The exhibition is based on the fantasy novel The Future Eve by French writer Auguste de Villiers de L’Isle-Adam. Its curation was entrusted to Cécile Babiole, an artist who works on gender and technology. She has titled the exhibition Hadaly and Sowana, Cyborgs and Witches, and offers a contemporary re-reading of the novel, which was first published in 1886.
The exhibition Hadaly and Sowana, Cyborgs and Witches reappropriates the theme of technology, conceived as both rational and magical, replacing the novel’s mysogynistic vision with one that is broader and free of stereotypes.
Technology is not only the preserve of mechanistic male geniuses who recreate women (defective women, naturally) according to their fantasies, but also an ensemble of knowledge and practices shared by women (witches, midwives, healers, etc.) and used for the survival and care of the community since time immemorial.
Informed by A Cyborg Manifesto by philosopher Donna Haraway, who transcends binarisms and rejects the boundaries between organism and machine, and also inspired by the ecofeminism of Starhawk that regenerates the concept of a living and sacred mother earth, the exhibition brings together artists who question technologies in the broadest sense, and their relationships to the body.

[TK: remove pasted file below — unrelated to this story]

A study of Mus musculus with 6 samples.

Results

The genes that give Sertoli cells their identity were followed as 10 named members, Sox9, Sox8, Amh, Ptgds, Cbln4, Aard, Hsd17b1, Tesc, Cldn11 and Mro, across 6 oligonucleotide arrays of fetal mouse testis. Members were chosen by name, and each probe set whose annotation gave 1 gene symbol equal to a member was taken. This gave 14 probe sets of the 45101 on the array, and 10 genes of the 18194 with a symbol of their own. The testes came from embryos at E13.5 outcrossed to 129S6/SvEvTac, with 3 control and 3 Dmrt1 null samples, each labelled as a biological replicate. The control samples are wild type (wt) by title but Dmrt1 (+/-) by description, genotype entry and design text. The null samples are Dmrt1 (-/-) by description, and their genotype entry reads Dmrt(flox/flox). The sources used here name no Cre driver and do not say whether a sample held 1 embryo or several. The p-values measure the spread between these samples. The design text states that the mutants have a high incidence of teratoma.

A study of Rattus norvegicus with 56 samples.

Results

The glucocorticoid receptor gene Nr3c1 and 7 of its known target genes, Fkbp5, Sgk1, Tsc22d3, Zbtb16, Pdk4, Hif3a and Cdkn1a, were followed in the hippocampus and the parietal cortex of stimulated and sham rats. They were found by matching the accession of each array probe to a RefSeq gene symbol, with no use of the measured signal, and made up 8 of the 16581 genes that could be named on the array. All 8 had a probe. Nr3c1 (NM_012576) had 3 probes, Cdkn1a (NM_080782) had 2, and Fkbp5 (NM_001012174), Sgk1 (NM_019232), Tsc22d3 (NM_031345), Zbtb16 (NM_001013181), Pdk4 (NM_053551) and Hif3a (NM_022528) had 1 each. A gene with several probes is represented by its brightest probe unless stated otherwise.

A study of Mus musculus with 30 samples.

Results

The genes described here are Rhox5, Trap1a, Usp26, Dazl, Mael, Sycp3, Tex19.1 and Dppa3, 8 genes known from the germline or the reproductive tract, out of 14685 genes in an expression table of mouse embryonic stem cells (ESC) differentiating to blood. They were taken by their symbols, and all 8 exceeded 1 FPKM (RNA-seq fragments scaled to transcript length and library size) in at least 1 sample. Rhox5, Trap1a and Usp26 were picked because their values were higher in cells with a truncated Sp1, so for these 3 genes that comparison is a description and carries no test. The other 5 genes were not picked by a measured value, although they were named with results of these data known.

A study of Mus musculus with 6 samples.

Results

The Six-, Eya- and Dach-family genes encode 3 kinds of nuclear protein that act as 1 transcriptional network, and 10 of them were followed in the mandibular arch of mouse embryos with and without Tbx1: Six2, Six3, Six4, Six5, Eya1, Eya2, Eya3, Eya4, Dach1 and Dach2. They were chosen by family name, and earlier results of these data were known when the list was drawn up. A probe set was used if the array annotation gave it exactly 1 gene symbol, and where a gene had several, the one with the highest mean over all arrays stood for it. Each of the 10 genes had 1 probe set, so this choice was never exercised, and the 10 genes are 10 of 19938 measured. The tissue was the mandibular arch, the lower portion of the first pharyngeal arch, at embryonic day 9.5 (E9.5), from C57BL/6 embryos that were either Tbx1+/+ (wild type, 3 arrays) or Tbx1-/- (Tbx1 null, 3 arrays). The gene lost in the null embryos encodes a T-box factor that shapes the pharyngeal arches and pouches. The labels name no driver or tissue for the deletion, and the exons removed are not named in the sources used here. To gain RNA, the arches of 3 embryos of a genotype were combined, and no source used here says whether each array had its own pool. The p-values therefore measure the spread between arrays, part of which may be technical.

Artists like Annie Abrahams, Caroline Delieutraz, Camille Ducellier, Lynn Hershmann, Kaori Kinoshita and Alain Della Negra, Albertine Meunier, Julie Morel, Aniara Rodado, Tabita Rezaire, Christine Tamblyn, Suzanne Treister, Stéphane Degoutin, Agathe Joubert, Lola Perez-Guettier and Gwenola Wagon reinvent the figures of the cyborg or the witch, as symbols of power, resistance, irony and utopia.